We all love a good road trip and no one is more so than those of us blessed to live in North America, but have you ever considered road tripping in the winter? While certainly road conditions can be challenging, a winter wonderland also offers some amazing scenery. Here are a few winter road trip tips to get you started.
This post may contain affiliate links, and Traveling In Heels may receive a small commission if you click on the link and purchase.
Winter Road Trip Tips
From Mexico in the south to Canada in the farthest reaches of the north, we have some of the most amazing national parks, scenic drives, interstate, and cross-continental routes, and towns of all sizes. If that isn’t enough, how about some of the most spectacular scenery and wildlife anywhere on earth?
But wait, there’s more! We also have winter approaching and with the anticipation of the season’s first snowfall, comes to a whole lot more, read on.
RV Winter Road Trip Tips
You’ve probably already entertained getting your RV ready for the spring or summer, perhaps even the fall but not many people think about doing it in the winter. It’s a real shame because some places in the North American landscape simply come alive in the winter in ways you can’t imagine.
The Great Smokey Mountains National Park in North Carolina offers some of the most amazing vistas, trails, and landscapes when the suns shining and then when winter leaves her coat on? You’ll be left truly breathless.
But before you hit the road and start exploring our many snow-covered landscapes, you should also work through a quick checklist first – safety first and you’ll need to be aware of a few things you might not usually have had to when road-tripping at other times of the year.
For those traveling by car, consider these 10 great destinations for cabin rentals and these 7 great American Road Trip tips.
CHECKLIST 101 Winter Road Trip Tips
First up, you need to decide where you’re going, when you’re going, and how you mean to get there. In other words, what routes are you going to travel, and are you familiar with them at all? Will your trip require an overnight stay in a lodge or motel and are they open this time of year?
You’ll also want to do regular check-ins with the National Weather Service to make sure that you’re safe and clear to get to where you’re going. Remember, the whole idea of a winter road trip is the experience – not getting to your end destination in record time.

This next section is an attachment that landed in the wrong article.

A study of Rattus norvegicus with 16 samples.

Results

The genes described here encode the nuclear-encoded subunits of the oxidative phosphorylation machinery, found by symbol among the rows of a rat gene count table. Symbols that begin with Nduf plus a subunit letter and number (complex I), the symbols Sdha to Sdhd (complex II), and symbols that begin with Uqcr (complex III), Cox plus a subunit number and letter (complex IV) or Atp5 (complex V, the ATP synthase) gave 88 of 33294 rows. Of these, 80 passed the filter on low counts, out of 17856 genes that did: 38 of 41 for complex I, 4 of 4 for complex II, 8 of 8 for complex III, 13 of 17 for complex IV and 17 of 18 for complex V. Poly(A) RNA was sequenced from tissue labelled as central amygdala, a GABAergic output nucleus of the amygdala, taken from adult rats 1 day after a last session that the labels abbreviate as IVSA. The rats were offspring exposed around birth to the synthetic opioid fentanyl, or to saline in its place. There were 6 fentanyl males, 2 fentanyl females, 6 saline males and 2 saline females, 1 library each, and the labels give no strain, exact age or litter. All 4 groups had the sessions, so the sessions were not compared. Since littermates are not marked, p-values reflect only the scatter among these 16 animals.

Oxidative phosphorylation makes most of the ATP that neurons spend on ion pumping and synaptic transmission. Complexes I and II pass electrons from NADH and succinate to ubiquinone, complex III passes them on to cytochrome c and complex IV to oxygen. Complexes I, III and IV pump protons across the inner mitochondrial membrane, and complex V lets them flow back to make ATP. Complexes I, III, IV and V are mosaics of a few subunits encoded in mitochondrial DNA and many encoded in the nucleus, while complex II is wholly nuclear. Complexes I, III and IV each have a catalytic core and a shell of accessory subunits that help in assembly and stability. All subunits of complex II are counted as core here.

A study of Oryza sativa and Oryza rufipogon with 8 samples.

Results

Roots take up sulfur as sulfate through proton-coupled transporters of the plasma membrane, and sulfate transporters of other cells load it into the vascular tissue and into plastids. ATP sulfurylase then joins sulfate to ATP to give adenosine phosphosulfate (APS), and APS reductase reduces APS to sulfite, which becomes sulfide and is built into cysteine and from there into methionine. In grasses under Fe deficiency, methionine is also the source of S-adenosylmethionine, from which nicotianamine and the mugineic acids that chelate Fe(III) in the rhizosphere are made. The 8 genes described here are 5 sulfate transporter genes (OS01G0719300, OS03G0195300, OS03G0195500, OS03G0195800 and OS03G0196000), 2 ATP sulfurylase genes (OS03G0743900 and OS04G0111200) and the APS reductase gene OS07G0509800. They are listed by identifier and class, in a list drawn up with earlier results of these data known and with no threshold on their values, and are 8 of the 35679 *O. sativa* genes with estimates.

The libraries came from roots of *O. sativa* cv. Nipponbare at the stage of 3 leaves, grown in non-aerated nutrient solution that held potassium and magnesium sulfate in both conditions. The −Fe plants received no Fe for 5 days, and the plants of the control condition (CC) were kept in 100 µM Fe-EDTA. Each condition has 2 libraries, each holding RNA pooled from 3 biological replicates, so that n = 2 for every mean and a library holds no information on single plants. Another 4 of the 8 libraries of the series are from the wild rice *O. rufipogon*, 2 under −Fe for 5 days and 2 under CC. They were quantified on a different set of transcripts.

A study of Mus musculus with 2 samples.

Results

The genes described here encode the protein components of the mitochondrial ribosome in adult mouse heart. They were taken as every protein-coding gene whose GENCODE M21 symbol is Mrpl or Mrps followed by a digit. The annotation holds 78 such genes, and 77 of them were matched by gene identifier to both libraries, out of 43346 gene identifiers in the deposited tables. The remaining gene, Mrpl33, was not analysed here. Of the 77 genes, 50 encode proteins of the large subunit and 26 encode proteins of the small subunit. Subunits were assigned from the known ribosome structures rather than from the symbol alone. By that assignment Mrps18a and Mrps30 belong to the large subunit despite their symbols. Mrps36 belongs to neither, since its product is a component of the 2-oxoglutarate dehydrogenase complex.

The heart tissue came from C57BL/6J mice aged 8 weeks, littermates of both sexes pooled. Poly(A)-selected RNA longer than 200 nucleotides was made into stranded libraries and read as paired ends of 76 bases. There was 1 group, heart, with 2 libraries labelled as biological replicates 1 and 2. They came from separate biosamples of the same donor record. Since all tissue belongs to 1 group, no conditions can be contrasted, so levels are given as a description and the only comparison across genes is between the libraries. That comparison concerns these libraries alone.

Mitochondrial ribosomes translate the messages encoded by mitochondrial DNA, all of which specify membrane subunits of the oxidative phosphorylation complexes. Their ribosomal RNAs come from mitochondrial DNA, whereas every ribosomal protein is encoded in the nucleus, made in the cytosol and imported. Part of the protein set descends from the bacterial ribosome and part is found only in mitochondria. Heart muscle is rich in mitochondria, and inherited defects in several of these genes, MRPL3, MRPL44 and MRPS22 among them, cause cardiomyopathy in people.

Safety First Winter Road Trip Tips
You want to plan your road trip so that most of your traveling gets done during daylight hours but prepare for a situation where you might not be able to. So that means, regular flashlights as well as high-powered flashlights and plenty of spare batteries.
Make sure that your first aid kit is well stocked and that all medications are in plentiful supply and well within expiration dates, any specialist gear like nighttime invisible aligners, asthma pumps, or other breathing apparatus should be kept all in one bad so that everyone always knows where they are.
Read More: 7 Simple Family Road Trip Tips
MAP Your Winter Road Trip, From Beginning to End
Plan your whole route from departure to arrival and keep a solid itinerary that you can send to family and friends and emergency contacts. Keep all your electronics fully charged.
And yes, it’s convenient to use google maps or other navigation systems, but if technology fails, it’s always good to stash good ol’ fashioned maps or a road atlas.
Also, make sure that if you have younger kids that they have their favorite road trip gear with them. You don’t want to be saddled with “but where’s Dino” for hour after hour.
At the best of times, driving for more than a few hours a time without a rest break isn’t recommended, but driving on snow or icy conditions means your concentrating more could get fatigued sooner than usual, so split driving duties too.
All of the usual guidance to road trips apply. But for a winter road trip, drivers have the added responsibility of making sure that their vehicle is well suited to snowy or icy conditions. In addition, carry loads of warm clothing, blankets, and soft fluffy things, for if you don’t get to where you’re going on time.
If you’re planning on camping somewhere in the winter, you should only attempt this if you’re a seasoned winter camper already.
Whether your road tipping in the summer or winter, you’re going to love it and experiencing this land through a different lens, is always a good idea.